Wednesday, July 27, 2011

Hyper-V High Availalbility for Small Business

Many of our small business clients are still running older hardware with Windows Server 2003 or SBS 2003. Since the hardware is pretty much end of life, these clients are looking at both hardware and software upgrades. As part of this process, we are introducing the option of virtualization for many of them. Often even small businesses have multiple servers and virtualizing them on a single host makes a lot of sense for hardware costs.

Everyone likes the idea of high availability for virtual machines running on Hyper-V, but the price is always a concern.We recently researched this for a client and I thought I'd pass along high level estimates of the costs involved.

  • 2 x Dell PowerEdge 510, dual processor, 48 GB RAM, quad port nic, 2 small mirrored drives, Windows Server 2008 Enterprise @ $6000
  • 1 x Dell MD3200i (iSCSI) SAN with 8 x 600 GB 15K drives @ $15000
  • 1 x 24-port 1Gbps switch for SAN network @ $400
When taxes are added in the total cost is about $30,000. In this configuration there is room to grow as the server RAM can be increased. The MD2300i can also hold an additional 4 hard drives if required.

The question becomes....Is this worth it? A single PowerEdge 510 with disk equivalent to the MD3200i listed above is about $9000. That is a lot less money overall.

Most smaller organizations don't have difficulty getting a maintenance window to apply updates on the virtualization hosts. So, the ease of maintenance where you can failover VMs to another host when updating the host operating system is of little benefit. Convenient, but certainly not important for most small organizations.

The server hardware components most likely to fail are disks and power supplies. These component are already redundant on any server that we sell. Consequently the risk of downtime due to hardware failure is already quite low. However, there is a small chance that other critical components such as a motherboard could fail and take down all of virtual machines. Each business needs to decide what the cost of that downtime is and whether they are willing to risk it. One way to mitigate the cost of downtime is increasing warranty service. For example, instead of next day service increase the warranty to 4 hour service. Or for the truly paranoid a second server with just hardware and less drives would be about $4000. You could keep that hardware as spare parts for quick recovery at a much lower cost that a full high availability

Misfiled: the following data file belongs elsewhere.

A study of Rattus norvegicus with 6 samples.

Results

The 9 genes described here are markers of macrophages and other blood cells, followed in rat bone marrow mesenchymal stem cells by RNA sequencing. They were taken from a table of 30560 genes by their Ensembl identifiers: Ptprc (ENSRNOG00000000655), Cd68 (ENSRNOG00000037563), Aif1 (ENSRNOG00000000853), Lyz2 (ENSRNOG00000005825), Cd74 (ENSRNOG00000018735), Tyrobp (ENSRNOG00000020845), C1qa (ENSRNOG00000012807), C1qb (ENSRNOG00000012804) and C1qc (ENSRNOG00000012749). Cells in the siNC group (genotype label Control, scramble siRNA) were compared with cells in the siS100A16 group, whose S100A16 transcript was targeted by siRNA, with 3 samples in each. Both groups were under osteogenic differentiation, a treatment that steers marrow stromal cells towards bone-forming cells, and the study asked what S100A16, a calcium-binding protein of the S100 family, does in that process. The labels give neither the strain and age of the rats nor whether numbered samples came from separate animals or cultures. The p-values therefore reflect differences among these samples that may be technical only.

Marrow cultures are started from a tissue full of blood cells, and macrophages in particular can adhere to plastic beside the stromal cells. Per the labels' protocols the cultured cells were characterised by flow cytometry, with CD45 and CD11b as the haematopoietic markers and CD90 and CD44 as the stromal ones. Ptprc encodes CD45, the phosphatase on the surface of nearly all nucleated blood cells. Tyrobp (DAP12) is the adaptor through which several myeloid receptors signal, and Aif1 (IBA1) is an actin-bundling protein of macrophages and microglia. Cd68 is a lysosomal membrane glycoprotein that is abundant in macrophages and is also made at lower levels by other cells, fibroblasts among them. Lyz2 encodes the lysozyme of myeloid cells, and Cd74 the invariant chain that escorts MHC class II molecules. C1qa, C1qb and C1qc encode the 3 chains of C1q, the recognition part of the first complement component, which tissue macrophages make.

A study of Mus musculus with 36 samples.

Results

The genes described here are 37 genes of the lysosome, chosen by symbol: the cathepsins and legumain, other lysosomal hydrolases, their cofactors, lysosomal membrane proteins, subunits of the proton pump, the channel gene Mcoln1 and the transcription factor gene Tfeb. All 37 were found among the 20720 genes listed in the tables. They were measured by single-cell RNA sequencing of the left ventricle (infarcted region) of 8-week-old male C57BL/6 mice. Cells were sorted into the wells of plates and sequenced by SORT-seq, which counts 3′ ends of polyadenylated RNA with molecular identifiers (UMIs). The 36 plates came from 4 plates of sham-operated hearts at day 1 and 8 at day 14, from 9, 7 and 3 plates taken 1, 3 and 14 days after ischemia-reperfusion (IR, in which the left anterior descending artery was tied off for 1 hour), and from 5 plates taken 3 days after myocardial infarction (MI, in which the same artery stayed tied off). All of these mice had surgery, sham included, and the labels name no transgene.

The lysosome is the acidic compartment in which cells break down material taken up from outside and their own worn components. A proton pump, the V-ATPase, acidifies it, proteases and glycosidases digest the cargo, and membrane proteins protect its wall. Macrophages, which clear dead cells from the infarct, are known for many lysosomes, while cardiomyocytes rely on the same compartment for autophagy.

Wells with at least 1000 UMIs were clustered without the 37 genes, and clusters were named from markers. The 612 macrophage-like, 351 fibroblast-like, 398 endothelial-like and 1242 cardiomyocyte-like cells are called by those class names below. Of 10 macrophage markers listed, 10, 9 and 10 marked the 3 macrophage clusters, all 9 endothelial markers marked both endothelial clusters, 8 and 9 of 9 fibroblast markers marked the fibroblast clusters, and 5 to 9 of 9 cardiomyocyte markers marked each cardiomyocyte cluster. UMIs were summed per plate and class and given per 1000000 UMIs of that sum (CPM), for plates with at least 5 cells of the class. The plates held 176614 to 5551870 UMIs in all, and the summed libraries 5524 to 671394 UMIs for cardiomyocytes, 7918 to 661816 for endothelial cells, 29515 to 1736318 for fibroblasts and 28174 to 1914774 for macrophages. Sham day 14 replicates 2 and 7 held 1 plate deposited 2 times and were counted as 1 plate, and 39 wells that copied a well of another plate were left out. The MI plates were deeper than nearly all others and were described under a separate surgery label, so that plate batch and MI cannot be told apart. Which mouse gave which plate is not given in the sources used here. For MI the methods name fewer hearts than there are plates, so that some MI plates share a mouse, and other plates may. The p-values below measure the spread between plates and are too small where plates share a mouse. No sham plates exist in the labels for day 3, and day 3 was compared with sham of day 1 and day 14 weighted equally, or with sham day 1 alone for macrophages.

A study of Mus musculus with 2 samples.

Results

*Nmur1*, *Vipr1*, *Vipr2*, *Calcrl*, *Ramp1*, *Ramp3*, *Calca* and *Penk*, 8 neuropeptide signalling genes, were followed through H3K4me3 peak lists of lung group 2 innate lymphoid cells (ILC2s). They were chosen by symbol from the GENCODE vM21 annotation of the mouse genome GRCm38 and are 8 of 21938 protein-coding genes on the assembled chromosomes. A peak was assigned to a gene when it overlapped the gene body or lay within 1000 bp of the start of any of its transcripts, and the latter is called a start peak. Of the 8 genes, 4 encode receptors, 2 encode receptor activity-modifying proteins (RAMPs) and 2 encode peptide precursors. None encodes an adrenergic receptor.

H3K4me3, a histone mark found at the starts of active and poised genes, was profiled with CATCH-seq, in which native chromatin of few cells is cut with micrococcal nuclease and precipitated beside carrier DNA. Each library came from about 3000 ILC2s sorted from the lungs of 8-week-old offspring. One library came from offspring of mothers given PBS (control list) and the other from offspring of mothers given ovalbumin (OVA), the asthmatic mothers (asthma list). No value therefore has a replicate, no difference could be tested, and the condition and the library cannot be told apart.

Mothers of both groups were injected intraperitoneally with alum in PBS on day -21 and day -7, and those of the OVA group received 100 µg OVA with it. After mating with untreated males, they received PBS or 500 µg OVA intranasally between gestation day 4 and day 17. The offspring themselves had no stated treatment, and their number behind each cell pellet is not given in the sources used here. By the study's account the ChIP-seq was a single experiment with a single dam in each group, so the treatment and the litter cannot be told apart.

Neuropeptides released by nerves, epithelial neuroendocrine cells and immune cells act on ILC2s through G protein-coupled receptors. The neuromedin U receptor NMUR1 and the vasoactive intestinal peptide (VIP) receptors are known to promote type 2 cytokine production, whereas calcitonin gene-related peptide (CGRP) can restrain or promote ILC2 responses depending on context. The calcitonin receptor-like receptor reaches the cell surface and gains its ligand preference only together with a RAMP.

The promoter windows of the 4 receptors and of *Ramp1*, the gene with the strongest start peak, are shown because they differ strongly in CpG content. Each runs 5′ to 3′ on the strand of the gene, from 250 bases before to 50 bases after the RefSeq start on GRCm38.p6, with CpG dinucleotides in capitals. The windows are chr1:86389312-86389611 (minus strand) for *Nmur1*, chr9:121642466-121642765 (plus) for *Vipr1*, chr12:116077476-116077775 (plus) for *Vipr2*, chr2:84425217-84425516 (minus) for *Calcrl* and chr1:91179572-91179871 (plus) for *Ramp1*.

For right now, our clients have been willing to take the risk of outages for the cost savings. However, I should note that having a functional disaster recovery plan is an important part of this decision process. That plan identifies realistic time frames for recovery ins various scenarios and allows you to make intelligent decisions.

Saturday, July 23, 2011

Unable to Edit SharePoint Document Library Template

This week I ran into an issue where a client was unable to edit the document template being used by a SharePoint 2010 document library. In the Advanced Settings of the document library, the user would click Edit Template (see figure below), but the document would open as read only and could not be saved back up to the site.

The user was logged on to SharePoint as a user with administrative privileges for the SharePoint server, but logged on to Windows as a different user account. This was the cause of the problem. When the user opened the document template, Word started and retrieved the template, but Word was using the credentials from Windows which did not have administrative privileges on the SharePoint server.

The fix was to have user log on to Windows using the same account as used for administration on the SharePoint server.